There is no evidence that a Russian businessman found dead near his home in 2012 was murdered or poisoned, a police officer has told his inquest.
Whistleblower Alexander Perepilichnyy, 44, died while jogging in Surrey.
Det Supt Insp Ian Pollard accepted there had been “shortfalls” in his investigation after the inquest heard it had lost evidence taken from Mr Perepilichnyy’s computer.
But he insisted nothing he had heard made him want to reopen his inquiry
Nicholas Hilliard QC has heard from dozens of witnesses including toxicologists, investigators and the secret lover the married Russian spent his last night with in Paris.
The force was criticised on the final day for losing its copy of his laptop and asking a civilian worker to look through the contents of the computer and make judgements about what should be investigated.
Mr Pollard said he still believed his actions had been “appropriate, proportionate and did not identify any evidence of a murder or poisoning”.
The senior officer was asked if anything he had heard during the inquest, which included extra evidence and testimony gathered by the coroner’s team, had made him want to reopen the case as a murder investigation.
“Definitely not,” he replied.
The inquest has already heard the 44-year-old was assisting Hermitage Capital Management with exposing a $230M (£150m) money-laundering scheme.
He collapsed and died while jogging near his home in Weybridge, Surrey, on 10 November 2012.
Hermitage Capital contacted police to say they believed Mr Perepilichnyy might have been assassinated while an expert from the Royal Botanical Gardens at Kew said an “unknown compound” found in his system could be a plant toxin.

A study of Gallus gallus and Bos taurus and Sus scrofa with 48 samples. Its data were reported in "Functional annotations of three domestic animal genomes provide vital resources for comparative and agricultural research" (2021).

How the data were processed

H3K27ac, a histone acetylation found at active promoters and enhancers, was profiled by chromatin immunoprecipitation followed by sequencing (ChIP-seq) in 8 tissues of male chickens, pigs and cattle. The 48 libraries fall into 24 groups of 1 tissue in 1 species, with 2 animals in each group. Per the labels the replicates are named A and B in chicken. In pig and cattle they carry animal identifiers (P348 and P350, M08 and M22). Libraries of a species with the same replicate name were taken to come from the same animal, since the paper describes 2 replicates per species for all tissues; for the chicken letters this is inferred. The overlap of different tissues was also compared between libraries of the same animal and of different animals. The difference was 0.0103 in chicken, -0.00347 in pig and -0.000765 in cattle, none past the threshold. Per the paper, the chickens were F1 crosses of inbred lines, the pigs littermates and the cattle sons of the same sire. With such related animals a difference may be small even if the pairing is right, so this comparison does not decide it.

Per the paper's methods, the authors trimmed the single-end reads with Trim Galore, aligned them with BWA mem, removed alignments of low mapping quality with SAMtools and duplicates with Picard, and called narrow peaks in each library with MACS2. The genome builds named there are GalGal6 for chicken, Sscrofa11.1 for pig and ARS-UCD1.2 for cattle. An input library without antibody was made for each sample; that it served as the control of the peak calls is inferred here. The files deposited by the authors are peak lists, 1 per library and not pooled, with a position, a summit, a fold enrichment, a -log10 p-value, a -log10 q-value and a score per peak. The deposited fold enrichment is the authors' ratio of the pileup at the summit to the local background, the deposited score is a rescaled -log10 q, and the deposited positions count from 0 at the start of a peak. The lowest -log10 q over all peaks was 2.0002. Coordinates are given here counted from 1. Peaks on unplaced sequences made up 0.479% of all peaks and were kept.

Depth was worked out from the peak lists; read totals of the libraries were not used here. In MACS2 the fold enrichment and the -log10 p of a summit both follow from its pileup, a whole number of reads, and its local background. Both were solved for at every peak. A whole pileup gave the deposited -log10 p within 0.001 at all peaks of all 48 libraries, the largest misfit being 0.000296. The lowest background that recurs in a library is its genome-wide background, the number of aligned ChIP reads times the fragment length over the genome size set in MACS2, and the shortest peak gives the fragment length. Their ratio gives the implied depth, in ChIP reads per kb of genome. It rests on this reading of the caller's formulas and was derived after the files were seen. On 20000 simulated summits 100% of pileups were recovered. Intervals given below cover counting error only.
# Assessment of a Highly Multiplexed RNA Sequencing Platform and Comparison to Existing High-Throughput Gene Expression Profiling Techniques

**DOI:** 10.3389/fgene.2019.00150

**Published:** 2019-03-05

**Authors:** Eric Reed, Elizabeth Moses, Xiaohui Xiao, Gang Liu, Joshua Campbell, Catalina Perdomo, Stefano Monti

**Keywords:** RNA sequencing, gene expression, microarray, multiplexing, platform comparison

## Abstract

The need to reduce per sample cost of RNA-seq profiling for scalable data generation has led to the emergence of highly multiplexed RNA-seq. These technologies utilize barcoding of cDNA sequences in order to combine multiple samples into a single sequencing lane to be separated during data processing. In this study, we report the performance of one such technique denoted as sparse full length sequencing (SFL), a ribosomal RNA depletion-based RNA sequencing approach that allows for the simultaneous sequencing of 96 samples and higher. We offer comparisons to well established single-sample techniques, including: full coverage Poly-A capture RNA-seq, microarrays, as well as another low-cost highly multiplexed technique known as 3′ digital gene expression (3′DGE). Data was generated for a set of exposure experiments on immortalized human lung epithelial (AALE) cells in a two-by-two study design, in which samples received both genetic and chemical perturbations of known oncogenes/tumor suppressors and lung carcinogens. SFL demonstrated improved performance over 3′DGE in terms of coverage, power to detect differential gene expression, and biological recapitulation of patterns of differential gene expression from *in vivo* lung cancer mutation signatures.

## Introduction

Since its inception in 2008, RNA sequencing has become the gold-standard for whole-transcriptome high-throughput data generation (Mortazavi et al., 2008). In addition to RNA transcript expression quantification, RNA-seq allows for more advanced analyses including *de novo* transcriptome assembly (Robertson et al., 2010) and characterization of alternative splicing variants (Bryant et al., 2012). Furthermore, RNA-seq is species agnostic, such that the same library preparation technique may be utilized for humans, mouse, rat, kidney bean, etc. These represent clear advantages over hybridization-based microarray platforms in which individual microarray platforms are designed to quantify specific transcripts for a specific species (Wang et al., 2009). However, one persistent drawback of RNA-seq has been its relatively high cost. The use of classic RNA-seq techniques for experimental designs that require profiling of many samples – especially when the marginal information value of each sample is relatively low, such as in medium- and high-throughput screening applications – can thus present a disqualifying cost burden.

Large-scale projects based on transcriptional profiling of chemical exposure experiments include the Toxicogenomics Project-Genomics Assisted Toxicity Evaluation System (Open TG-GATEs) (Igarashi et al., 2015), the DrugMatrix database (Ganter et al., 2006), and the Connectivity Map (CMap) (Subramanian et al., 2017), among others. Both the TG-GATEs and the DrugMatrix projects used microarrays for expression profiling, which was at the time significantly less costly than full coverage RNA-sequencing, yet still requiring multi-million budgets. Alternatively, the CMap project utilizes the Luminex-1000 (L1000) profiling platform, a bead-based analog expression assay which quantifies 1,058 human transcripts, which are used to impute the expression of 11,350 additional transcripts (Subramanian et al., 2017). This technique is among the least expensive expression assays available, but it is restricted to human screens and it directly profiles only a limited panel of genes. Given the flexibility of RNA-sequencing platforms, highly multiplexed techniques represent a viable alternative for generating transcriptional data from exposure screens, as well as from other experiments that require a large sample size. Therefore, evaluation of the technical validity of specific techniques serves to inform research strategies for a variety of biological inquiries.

But subsequent tests proved “beyond all reasonable doubt” that no plant toxins or other poisons were found in his system.
Some, such as cyanide and nerve agents, could no longer be tested for so could not be ruled out but they were very unlikely to have been used because they would have shown other symptoms, the coroner heard.
Henrietta Hill QC representing Hermitage Capital said the firm remained “concerned abut the quality” of the police investigation.
She compared the case to the fatal poisoning of Alexander Litvinenko in 2006 and the nerve agent attack on Sergei and Yulia Skripal in Salisbury in March and asked whether police in Surrey should have reacted differently.
But Mr Pollard said there were “distinct differences” between the cases and each situation should be judged on its own merits.
He said in the Litvinenko and Skripal cases it was “very clear early on” that chemicals had been used.
The coroner will start making a decision after receiving final submissions in May.